We’ve talked before about reusing plane parts as furniture, and the LoTek library design using aircraft fuselages is a particular favourite of ours, even if it was never built. Well, there’s more than one way to lace a boot, and there’s more than one way to skin a Boeing 747.
This project by Syndesis Ltd for a house in the hills behind Malibu, California could become an adaptive reuse icon. It developed from an initial design with a floating curved roof. The symbolic wing became a genuine wing and the design evolved from there. They say:
As we analyzed the cost, it seemed to make more sense to acquire an entire airplane and to use as many of the components as possible, like the Native American Indians used every part of the buffalo. Therefore, the property is to consist of several structures all made with components and pieces of a Boeing 747-200 aircraft. As a structure and engineering achievement, the aircraft encloses a lot of space using the least amount of materials in a very resource efficient manner. The recycling of the 4.5 million parts of this “big aluminum can” is seen as an extreme example of sustainable reuse and appropriation. American consumers and industry throw away enough aluminum in a year to rebuild our entire airplane commercial fleet every three months.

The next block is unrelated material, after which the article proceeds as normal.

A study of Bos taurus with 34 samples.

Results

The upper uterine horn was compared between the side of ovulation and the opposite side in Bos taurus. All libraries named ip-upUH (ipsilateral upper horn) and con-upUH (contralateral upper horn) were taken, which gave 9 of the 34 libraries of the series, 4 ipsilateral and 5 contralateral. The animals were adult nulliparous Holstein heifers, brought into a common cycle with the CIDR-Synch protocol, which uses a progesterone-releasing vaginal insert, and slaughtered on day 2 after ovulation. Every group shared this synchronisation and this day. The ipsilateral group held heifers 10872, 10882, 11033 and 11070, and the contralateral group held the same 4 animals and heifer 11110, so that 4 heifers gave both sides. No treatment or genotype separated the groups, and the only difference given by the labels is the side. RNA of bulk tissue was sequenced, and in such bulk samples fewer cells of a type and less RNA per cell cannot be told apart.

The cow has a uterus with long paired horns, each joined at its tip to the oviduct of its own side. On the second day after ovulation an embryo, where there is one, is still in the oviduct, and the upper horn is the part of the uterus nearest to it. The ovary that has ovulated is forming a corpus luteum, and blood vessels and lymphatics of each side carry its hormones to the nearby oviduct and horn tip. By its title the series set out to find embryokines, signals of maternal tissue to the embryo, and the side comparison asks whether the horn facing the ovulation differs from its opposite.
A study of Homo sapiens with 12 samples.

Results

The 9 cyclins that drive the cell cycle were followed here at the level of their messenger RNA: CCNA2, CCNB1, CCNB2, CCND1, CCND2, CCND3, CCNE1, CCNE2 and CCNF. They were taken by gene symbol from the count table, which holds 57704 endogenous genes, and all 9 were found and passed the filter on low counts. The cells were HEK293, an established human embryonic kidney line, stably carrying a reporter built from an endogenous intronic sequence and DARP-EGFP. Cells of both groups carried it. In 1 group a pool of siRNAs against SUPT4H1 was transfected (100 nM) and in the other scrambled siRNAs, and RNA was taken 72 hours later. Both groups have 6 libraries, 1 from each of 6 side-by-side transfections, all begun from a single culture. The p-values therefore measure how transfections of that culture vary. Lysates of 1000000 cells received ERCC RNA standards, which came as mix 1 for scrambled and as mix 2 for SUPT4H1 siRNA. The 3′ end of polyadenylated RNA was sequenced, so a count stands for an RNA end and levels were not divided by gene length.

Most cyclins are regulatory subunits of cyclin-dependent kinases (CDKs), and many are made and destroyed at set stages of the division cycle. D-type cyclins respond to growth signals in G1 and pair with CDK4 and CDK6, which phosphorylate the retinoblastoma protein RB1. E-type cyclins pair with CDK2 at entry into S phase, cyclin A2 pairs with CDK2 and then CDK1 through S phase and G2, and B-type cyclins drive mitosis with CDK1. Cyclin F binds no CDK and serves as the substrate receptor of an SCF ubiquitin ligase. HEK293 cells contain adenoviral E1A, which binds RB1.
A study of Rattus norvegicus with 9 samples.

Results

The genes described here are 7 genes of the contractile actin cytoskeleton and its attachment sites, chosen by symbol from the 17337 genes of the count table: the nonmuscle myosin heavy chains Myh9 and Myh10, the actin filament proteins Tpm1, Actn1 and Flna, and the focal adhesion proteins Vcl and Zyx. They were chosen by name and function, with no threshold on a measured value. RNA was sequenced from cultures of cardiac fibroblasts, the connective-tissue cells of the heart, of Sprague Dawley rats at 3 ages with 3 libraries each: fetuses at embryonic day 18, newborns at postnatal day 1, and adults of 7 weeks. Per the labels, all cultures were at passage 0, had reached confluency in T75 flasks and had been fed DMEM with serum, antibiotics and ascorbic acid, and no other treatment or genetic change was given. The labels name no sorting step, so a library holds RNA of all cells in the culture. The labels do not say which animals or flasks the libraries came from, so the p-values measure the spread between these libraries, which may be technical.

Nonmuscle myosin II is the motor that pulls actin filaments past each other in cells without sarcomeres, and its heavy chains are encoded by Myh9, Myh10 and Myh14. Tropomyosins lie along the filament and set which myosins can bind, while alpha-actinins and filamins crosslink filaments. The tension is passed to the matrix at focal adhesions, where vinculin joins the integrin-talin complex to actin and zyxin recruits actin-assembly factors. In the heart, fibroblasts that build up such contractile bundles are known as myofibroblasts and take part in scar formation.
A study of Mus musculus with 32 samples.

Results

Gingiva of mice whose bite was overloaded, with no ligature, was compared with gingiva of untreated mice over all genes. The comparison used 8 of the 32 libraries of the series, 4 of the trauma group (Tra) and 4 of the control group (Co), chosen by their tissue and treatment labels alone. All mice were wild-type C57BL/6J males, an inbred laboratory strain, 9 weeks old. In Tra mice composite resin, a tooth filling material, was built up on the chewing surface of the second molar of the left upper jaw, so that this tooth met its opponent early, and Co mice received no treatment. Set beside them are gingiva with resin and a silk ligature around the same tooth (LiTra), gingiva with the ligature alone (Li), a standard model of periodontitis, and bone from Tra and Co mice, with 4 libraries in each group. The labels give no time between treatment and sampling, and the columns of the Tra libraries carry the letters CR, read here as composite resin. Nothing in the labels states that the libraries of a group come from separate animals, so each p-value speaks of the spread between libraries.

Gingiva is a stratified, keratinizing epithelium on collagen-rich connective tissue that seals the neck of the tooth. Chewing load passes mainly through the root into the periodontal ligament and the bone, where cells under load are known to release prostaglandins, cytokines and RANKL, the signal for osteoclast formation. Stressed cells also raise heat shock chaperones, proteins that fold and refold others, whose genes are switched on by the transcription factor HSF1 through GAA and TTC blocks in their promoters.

Construction is now under way on the various buildings.
The wings and tail are being used to roof the main house,
parts of the fuselage are being used for other buildings including a guesthouse
and the nose is becoming an inspiring meditation pavilion where the windows will now function as skylights. And to prove it’s not just a castle in the air, here is a recent progress shot of them deconstructing their 747.
What we want to know is, how did they get planning permission?